Friedman died Thursday at Horizon Hospice at Columbia St. Mary’s Hospital in Milwaukee.

Robert Friedman, 82, a longtime May Co. executive who served as president and chief executive officer of both L.S. Ayres and Famous-Barr Co., died Thursday at Horizon Hospice at Columbia St. Mary’s Hospital in Milwaukee.

This story first appeared in the November 11, 2013 issue of WWD.  Subscribe Today.

The cause of death was cancer, according to his son Dan, president of global sourcing and international at Brown Shoe Co.

Friedman was born in Brooklyn in 1931 and received a bachelor of science degree in business/merchandising from City College. After graduation, he was drafted into the U.S. Army during the Korean War.

After serving two years, Friedman became an assistant buyer at the Boston Store in Milwaukee, where he worked for four years and met his wife, Carole, a cosmetics sales clerk who was attending Marquette University. They were married in 1958.

Friedman rose through the retail ranks, buying women’s apparel for such stores as Davison’s in Atlanta, Wallace’s Department Store in Poughkeepsie, N.Y., and Pomeroy’s in Harrisburg, Pa., before joining Lit Bros. in Philadelphia as general merchandise manager. David Mullen, then president of Washington-based Woodward & Lothrop, recruited him to join W&L as a general merchandise manager. Friedman later moved to Washington-based Hecht Co., a division of The May Co., which launched his May Co. career. He worked for May Co.-Cleveland, returned to Hecht as executive vice president in 1987 and, when May bought Associated Dry Goods, became president and ceo of L.S. Ayres, based in Indianapolis. He later became president and ceo of Famous-Barr in St. Louis until 1991. He then consulted for several apparel firms, including Kasper and Tahari ASL before retiring in 2002.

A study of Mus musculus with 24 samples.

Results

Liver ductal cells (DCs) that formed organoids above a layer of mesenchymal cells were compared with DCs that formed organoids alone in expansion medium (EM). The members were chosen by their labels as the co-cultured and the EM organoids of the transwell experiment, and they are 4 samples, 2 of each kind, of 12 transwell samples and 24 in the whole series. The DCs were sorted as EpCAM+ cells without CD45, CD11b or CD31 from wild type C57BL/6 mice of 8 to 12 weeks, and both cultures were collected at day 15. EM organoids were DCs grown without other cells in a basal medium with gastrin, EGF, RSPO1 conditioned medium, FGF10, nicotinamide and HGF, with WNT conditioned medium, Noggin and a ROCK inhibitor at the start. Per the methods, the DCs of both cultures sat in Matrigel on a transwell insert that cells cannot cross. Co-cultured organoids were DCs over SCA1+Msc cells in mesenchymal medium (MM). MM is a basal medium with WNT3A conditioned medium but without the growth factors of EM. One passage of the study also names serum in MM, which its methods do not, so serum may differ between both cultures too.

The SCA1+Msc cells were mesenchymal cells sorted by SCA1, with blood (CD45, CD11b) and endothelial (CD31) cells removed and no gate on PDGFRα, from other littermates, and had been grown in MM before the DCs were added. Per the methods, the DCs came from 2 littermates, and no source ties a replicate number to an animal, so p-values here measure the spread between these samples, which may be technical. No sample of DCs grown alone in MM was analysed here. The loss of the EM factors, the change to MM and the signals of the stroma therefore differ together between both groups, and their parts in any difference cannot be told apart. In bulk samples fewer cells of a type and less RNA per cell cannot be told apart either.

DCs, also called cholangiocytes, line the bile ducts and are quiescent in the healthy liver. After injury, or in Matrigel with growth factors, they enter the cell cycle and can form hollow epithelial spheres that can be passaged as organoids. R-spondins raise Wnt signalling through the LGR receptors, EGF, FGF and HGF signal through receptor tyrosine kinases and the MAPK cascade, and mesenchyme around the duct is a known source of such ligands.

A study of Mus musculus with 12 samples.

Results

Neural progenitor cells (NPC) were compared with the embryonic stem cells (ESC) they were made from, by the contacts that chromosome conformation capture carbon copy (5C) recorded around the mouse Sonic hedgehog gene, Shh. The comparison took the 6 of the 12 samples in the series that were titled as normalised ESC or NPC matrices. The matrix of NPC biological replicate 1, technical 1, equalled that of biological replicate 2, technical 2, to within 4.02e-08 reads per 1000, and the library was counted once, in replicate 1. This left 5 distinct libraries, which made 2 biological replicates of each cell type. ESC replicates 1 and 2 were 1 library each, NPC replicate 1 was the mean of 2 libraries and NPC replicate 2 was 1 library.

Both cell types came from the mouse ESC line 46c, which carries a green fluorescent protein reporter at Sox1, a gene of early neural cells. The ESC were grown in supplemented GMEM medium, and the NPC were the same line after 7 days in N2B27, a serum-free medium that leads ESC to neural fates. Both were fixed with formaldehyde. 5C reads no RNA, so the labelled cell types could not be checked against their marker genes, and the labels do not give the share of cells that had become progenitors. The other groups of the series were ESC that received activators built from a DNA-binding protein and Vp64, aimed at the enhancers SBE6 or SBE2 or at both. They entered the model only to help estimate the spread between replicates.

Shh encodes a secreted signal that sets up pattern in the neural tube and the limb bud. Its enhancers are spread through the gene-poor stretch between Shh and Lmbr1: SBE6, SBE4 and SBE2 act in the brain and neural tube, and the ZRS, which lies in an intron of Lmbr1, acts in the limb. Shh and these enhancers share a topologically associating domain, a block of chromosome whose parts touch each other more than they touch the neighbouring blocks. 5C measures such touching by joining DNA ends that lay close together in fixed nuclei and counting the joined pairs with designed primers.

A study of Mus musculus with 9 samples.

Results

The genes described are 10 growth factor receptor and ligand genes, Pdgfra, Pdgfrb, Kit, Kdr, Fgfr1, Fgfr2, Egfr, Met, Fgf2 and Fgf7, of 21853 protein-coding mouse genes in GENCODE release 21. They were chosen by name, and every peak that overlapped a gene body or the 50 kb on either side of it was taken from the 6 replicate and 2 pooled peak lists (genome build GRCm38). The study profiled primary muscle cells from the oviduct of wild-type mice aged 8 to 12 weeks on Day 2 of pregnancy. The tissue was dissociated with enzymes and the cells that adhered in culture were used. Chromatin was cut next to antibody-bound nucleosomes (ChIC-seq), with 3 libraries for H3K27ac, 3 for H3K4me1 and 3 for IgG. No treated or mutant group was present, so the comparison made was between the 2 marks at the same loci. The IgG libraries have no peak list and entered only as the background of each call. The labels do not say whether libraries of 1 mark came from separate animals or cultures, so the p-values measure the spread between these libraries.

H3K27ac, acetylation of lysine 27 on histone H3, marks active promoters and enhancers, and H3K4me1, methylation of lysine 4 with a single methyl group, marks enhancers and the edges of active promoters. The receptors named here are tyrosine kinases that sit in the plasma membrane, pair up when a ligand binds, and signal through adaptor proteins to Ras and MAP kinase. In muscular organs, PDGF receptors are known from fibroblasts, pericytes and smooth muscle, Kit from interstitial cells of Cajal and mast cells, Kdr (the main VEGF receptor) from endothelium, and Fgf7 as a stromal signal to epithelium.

“He was very well-liked and very aggressive. If he believed in something, he went for it. He made things happen,” said Arthur S. Levine, owner and partner of Tahari ASL.

“He was a great, driving merchant,” said John Henderson, an industry consultant. “He really built the footwear and women’s suit business at May Co.”

In addition to his wife and his son Dan, Friedman is survived by two other children, Ellen Ruble and another son, Michael, and seven grandchildren.